Contest Winners - Respite Regurgitations

    Vicky DeCoster has written both inspirational and humorous essays for Atlanta Singles, Metro Parents, Omaha Magazine, Her magazine, Omaha World-Herald, and Single Life. Vicky’s inspirational essays have been published in the Don’t Sweat Stories (Hyperion Press) with a foreword by Richard Carlson, Ph.D. (author of Don’t Sweat the Small Stuff), the book Real Stories of Spirit Communication by Angela Hoy (Booklocker-2004) and Christian Single magazine. Vicky is the author of a book of humorous essays titled The Wacky World of Womanhood: Essays on Girlhood, Dating, Motherhood, and the Loss of Matching Underwear. Visit her at www.wackywomanhood.com.


    Respite Regurgitations

    During my childhood, it was a rare occasion when we piled into my parents’ yellow 1964 Ford to go on vacation. Dad, a bank president who loaned money to farmers, traveled the Midwestern countryside four out of five days a week and wasn’t keen on spending any more time in a hotel during the summer months. But one July, my parents decided to travel from our home in Nebraska to my grandparents’ home in northern California. We all knew and understood that my older sister, Kim, had a bit of difficulty with trips in the car. But we decided to put our fears and trepidation aside, packed the trunk, and took off for our first “real” family vacation – a three-day trip in a car with vinyl seats and no air conditioning.

    As we traveled along the Nebraska highway at 75 mph, Kim seemed to be fine, but my younger sister, Penny, decided to test her car door, just to see if it was locked. It wasn’t. Her car door flew open and Mom, who had apparently grown a much longer arm while I was enjoying the view outside the car window, somehow reached back from the front seat into the back seat, grabbed Penny, and held on to her for dear life. As Dad pulled the car to a stop on the side of the road, we all watched Mom have a nervous breakdown. “This is fun,” I thought as I glanced over at Kim who suddenly looked pale.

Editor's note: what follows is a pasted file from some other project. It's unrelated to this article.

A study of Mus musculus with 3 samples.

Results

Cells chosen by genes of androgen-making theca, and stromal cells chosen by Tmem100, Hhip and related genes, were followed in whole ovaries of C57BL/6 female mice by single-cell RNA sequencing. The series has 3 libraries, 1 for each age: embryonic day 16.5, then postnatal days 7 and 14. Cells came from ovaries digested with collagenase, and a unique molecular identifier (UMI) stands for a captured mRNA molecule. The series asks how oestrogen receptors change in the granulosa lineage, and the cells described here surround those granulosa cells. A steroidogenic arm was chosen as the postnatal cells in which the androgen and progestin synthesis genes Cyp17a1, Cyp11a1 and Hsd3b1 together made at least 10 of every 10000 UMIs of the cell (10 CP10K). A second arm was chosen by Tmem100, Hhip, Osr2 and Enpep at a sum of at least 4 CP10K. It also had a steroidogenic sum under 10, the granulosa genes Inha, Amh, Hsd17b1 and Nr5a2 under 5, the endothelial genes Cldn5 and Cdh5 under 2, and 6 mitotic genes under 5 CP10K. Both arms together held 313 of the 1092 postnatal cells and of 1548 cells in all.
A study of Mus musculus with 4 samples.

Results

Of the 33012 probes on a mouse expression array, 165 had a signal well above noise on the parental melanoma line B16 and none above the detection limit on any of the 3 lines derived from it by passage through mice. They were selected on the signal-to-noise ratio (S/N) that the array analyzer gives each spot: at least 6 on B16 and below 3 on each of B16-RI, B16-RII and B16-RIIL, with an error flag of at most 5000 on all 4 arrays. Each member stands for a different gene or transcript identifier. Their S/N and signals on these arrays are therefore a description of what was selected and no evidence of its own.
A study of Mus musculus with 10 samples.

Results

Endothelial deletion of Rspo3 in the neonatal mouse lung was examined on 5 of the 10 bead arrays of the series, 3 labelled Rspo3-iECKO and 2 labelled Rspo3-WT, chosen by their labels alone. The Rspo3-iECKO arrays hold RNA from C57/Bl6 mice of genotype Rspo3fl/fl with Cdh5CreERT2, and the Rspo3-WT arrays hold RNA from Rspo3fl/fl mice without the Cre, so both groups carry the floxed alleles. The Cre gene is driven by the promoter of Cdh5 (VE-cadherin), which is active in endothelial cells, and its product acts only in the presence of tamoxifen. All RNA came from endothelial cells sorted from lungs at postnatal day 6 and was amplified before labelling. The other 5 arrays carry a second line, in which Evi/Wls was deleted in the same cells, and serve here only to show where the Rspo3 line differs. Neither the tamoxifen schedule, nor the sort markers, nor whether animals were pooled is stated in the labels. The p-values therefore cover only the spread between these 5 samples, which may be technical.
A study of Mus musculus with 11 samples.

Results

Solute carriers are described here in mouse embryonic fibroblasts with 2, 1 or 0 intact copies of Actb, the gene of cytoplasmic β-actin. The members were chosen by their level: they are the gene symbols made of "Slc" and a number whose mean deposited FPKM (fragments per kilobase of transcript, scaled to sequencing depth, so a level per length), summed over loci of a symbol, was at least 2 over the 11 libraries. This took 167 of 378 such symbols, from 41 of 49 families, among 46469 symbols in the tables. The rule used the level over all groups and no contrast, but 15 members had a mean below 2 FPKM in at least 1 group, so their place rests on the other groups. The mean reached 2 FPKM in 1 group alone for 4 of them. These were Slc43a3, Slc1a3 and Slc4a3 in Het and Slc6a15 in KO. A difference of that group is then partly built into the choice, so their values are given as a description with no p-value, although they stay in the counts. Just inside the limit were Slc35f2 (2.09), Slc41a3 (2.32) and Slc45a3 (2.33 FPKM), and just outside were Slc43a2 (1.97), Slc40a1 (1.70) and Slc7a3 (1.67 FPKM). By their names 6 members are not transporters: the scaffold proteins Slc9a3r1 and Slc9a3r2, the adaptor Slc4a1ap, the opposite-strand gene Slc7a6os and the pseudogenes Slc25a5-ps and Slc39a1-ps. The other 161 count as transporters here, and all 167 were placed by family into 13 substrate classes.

Dad started driving again after Mom regained a normal heart rate. Kim was so white that she began to emit a soft glow. “Are you okay?” I whispered. “I don’t feel very good,” she replied. “MOOOOOOM, KIM’S CAR SICK! I yelled. Dad swerved to the side of the road and skidded to a stop. “No one throws up in this car!” he shouted. Mom hurriedly swung open her car door, ran around to Kim's side of the car, and opened her door just in time for Kim to vomit all over Mom’s pedal pushers and saddle shoes. Mother, always being the resourceful and creative one in the family, somehow managed to use dried leaves and gravel from the side of the road to clean her pants and shoes. Off we went again.

    Several hours later, we arrived in the mountains of Colorado. “Oh, the view is just gorgeous!” Mom exclaimed. “Let’s get a photo!” We all piled out of the car and stood as a group while Mom fiddled with her camera. “Everyone say ‘CHEESE!’” Mom yelled. “CHEESE!” we dutifully shouted back. At least I thought we all shouted “CHEESE” until I heard “BLAAAAAAAAAAHHHHHHH!” At the instant Mom snapped the photo, Kim vomited on Dad’s shoes. Did I mention she also suffered from elevation sickness? I couldn’t take it anymore. Vomiting is sort of like yawning … once someone starts, others can’t help but imitate. I put one finger over my lips as my cheeks puffed out like a squirrel hiding nuts. I gagged. Mom yelled, “IF ANYONE ELSE VOMITS IN THIS FAMILY, I’M RUNNING OFF WITH THE NEXT TRUCK DRIVER WHO DRIVES BY!” That Mom of mine sure had a way of scaring the vomit right back down into my churning belly.

    The rest of the vacation is a blur. I do remember finally arriving in California and seeing the ocean for the first time. And I vaguely recall a boat ride on the ocean with Kim hanging her head over the side of the boat. Did I mention she had a predisposition for seasickness?

    Whenever I look at my childhood photo album, I always stop at that picture of my family in the mountains of Colorado and laugh. The most important souvenir I took home that year was the lesson that a family vacation is just like life - full of unscheduled stops along the road that often provide the best memories and the heartiest laughs.

    Now, I plan my own family vacations. I always bring anti-nausea medicine and a camera. And before I take a photo, I have everyone remove their shoes … just in case I hear, “BLAAAAAAAAAAHHHHHHH!” instead of “CHEESE!”

    Clean-up is so much easier that way.